Started by jinx73 on Tuesday, 8th July 2014 2:00 pm
Last response by jinx73 9th July 6:16am

Here's a quick review of the casino from my cruise last week, there doesn't seem to be a ton of information on the web related to gamblers, so hopefully it helps someone looking for it, and the Everywhere Else forum on the board could always use a new discussion topic.

This was for the Carnival Legend, but I would guess most cruise lines look similar as the casino looked a lot like ones I saw 10+ years ago.

Pit contained 11 tables. 2 roulette tables, 1 craps table, 1 let it ride table, 1 3 card poker, 3 Fun 21, and 3 Blackjack tables.

Fun 21 is Spanish 21 with a different name, 8 deck hand shuffled. Double on any amount of cards, split aces and hit, hit on soft 17. Blackjack pays 3/2 all 21's are winners. Fairly standard Spanish 21 rules. Minimum was $6 bet, which could be $5 for the main bet and $1 on the "Fun Pair" bonus bet or just $6 on the main bet.

Blackjack tables were all 6 deck continuous shuffle machines. Hit Soft 17, BJ pays 3/2 on $10 tables (there were 2) and 6/5 on the one $6 table.

Roulette tables were double zero, $5 minimum.

Craps was $5 minimum 3x,4x,5x odds Dealers struggled a bit on a fast table, and typically craps were only being played from one side, stick, dealer, no box.

3 card poker was $5 minimum and looked to be fairly standard odds, but it's been awhile since I played.

Let it Ride was $5 minimum.

Machines: I'd estimate there were 50 slot machines, mostly penny style. There were 8 VP machines, with multiple games available, all games even bonus poker and JOB paid 2 pair as 1/1 so if you played, you were far better off with DDB or something like that. DDB was 6/5 (Full House/Flush) which is abysmal).

If you earn 1500 points during the trip you drink free in the casino for the rest of the trip. Beers can run $7 here, so it's not a bad thing to play for. I didn't play for it, although I was told that you get it from playing table games, my play didn't seem to make it to that level during the week.

Points seemed to be earned equally on vp and slots at 1pt=$5

They also had one electronic poker table, and a 12 person electronic blackjack table that dealt $2 and $3 blackjack ( I didn't check the rules).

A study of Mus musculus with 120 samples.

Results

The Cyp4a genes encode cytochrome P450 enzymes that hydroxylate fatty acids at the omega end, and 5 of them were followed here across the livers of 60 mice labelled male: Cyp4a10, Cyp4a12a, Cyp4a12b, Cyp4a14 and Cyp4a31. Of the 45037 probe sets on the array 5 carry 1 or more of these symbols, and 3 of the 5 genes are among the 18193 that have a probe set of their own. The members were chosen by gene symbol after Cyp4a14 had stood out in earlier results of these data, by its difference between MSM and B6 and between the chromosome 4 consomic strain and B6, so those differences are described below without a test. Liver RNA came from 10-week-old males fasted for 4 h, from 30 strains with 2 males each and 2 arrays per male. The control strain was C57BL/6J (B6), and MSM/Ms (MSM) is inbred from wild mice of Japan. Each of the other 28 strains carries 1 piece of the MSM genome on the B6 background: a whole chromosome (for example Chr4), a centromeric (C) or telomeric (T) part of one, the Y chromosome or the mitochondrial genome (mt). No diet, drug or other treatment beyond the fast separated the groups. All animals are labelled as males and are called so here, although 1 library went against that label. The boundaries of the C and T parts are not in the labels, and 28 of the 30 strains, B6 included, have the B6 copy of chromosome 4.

The dealers were friendly and you get to know them pretty well over the trip, you'll also get to see the same players daily. It's a much different experience then what you'll find in Las Vegas, but fun. I saw some dealers struggle on craps, and roulette a bit, most of the time they were fine on bj or Fun 21.

It was rare for me to encounter a player that had any real clue to what they were doing gambling, if you are the type that hates that the player on 3rd base or anywhere else doesn't play by the book, then I would suggest finding another place to play, as the players were horrible.

There were a number of jackpots hit on the slots and vp on the trip, and they announce it in the casino, which is a nice touch, ranging anywhere from 1k to 4k and easily one a night that was being announced, and in most cases the casino isn't what you'd call 'busy'.

The last thing that Carnival offers is what they call virtual betting, which is keno, bingo, horse racing, dog racing, and car racing, that is done on virtual simulations, that runs every 5 minutes or so, it's a nice way to pass some time, but nothing to really make any money at. Think of it as the virtual version of sigma derby where each horse has odds associated with it and pay off based on those odds, or for those familiar wit the greyhound game that MGM props had, it's a similar setup, except you have to go to a counter to buy the ticket.


Great summary--gambling on cruise ships should be thought of like gambling at your local casino, with nothing else within 500 miles--you won't get good odds, and of course the ship's casino usually only runs in international waters, so they set their own rules.

Oddly enough, Bob Dancer had a veteran cruise gambler discuss possible advantage plays on a cruise ship...think it was within the last month--check out bobdancer.com, and I'm sure you'll find it.

 jinx73 responded on Wednesday, 9th July 2014

For VP players the odds were bad, for table game players they were pretty standard for the minimums they had. 10 years ago there weren't vp machines on cruise ships, nor 'players clubs'.